Do People Want to Learn Virtually?

In a world where virtual connections have become more prevalent than ever before, it's crucial to explore how this shift impacts professional development, especially in fields as critical as caregiving. A recent study by McKinsey sheds light on a trend that is redefining how caregivers approach learning and development.

The Virtual Learning Advantage

The McKinsey study involved 660 learners from 14 different organizations and uncovered some compelling insights. A staggering 73% of participants found live virtual workshops to be equally or more effective than traditional in-person sessions. This preference wasn't limited to skill development alone; it extended to building relationships with colleagues, an aspect of professional growth that many assumed would suffer in a virtual environment.

Beyond Skill Development

The findings suggest that virtual learning environments offer more than just a platform for acquiring new skills. They also foster a sense of community and collaboration among caregivers, who often rely on peer support to navigate the complexities of their roles. This dual benefit is particularly relevant in the caregiving sector, where emotional resilience and teamwork are as valuable as technical skills.

Looking Ahead: A Blended Learning Model

As we navigate the post-pandemic world, the lessons from McKinsey's study are clear: Learning and Development (L&D) strategies need to evolve. The future lies in a blended approach that combines the best of both worlds—virtual and in-person learning. This model not only accommodates the preferences and conveniences of caregivers but also addresses the limitations posed by physical distancing measures and the impact that life can sometimes have.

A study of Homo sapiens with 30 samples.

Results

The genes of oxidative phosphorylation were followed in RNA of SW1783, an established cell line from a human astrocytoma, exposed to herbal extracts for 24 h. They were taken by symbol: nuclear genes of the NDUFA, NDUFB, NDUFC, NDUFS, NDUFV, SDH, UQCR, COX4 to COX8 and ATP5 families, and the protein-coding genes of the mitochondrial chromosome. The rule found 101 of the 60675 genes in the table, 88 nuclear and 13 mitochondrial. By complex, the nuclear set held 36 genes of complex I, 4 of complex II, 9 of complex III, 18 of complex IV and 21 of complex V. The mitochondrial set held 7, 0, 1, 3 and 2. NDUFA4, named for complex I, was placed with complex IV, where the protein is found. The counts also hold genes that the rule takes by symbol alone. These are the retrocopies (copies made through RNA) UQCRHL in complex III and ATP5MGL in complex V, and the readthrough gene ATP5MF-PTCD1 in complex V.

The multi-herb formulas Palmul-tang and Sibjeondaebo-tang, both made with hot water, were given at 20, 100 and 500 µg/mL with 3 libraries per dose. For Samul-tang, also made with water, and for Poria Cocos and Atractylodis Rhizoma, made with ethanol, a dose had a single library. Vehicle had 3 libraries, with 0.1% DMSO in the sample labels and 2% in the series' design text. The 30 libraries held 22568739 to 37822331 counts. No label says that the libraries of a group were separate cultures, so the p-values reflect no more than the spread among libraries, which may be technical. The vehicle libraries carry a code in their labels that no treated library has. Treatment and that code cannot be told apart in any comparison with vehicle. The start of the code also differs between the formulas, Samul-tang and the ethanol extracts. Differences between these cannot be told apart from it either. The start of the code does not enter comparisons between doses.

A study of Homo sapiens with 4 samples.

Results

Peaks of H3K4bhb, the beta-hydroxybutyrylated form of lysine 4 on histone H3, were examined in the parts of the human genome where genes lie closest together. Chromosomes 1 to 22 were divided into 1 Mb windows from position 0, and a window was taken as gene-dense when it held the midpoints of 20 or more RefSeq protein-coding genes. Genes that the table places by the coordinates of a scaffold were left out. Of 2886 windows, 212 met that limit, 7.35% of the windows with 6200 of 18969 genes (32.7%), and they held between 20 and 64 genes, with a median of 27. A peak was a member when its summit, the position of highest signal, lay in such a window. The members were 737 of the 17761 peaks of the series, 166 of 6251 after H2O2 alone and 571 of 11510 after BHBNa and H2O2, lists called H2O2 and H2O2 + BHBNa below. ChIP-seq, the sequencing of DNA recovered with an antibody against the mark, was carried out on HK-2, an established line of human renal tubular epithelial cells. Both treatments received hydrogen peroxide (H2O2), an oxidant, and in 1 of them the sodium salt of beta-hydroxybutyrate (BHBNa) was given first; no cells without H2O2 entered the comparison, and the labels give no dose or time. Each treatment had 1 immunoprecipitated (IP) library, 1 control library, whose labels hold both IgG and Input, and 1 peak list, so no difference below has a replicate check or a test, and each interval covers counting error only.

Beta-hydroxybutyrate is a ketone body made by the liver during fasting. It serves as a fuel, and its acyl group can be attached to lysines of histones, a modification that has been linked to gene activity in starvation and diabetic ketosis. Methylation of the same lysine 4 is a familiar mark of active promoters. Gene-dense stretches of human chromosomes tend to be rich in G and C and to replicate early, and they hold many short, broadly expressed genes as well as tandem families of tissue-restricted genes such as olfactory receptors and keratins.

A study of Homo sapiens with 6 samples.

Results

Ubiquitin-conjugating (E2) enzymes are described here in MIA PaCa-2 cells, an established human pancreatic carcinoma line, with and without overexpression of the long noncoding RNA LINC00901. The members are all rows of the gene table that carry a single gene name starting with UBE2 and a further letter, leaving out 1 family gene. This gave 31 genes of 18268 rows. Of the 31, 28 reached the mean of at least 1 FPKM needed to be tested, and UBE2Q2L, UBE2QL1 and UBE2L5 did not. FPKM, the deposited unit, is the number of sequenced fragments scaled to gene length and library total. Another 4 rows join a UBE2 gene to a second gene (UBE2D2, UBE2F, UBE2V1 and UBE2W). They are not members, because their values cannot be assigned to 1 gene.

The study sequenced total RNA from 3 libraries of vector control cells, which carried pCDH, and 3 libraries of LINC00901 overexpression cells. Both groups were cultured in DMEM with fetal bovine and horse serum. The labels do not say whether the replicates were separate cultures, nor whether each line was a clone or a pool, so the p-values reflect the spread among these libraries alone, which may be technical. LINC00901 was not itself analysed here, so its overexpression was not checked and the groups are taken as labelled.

Moreover, the study highlights the importance of innovative reinforcement techniques that are effective across different settings. Agencies are encouraged to explore new methods to engage learners, emphasizing the development of capabilities that are adaptable to a variety of training experiences.


The evidence is compelling. People are not just open to virtual learning; they see it as an effective avenue for both personal and professional development.

Nevvon is at the forefront, advocating for a blended approach to learning that meets the needs of today's caregivers. As we move forward, embracing virtual learning alongside traditional methods will be key to ensuring that caregivers have access to the training and support they need to thrive in their vital roles.

In the wake of COVID-19, the landscape of professional development has transformed. The McKinsey study offers a glimpse into the future, where a blended learning approach could become the standard, offering flexibility, efficiency, and connectivity. For caregivers and the organizations that support them, this shift could not only enhance learning outcomes but also foster a stronger, more collaborative community of professionals dedicated to making a difference.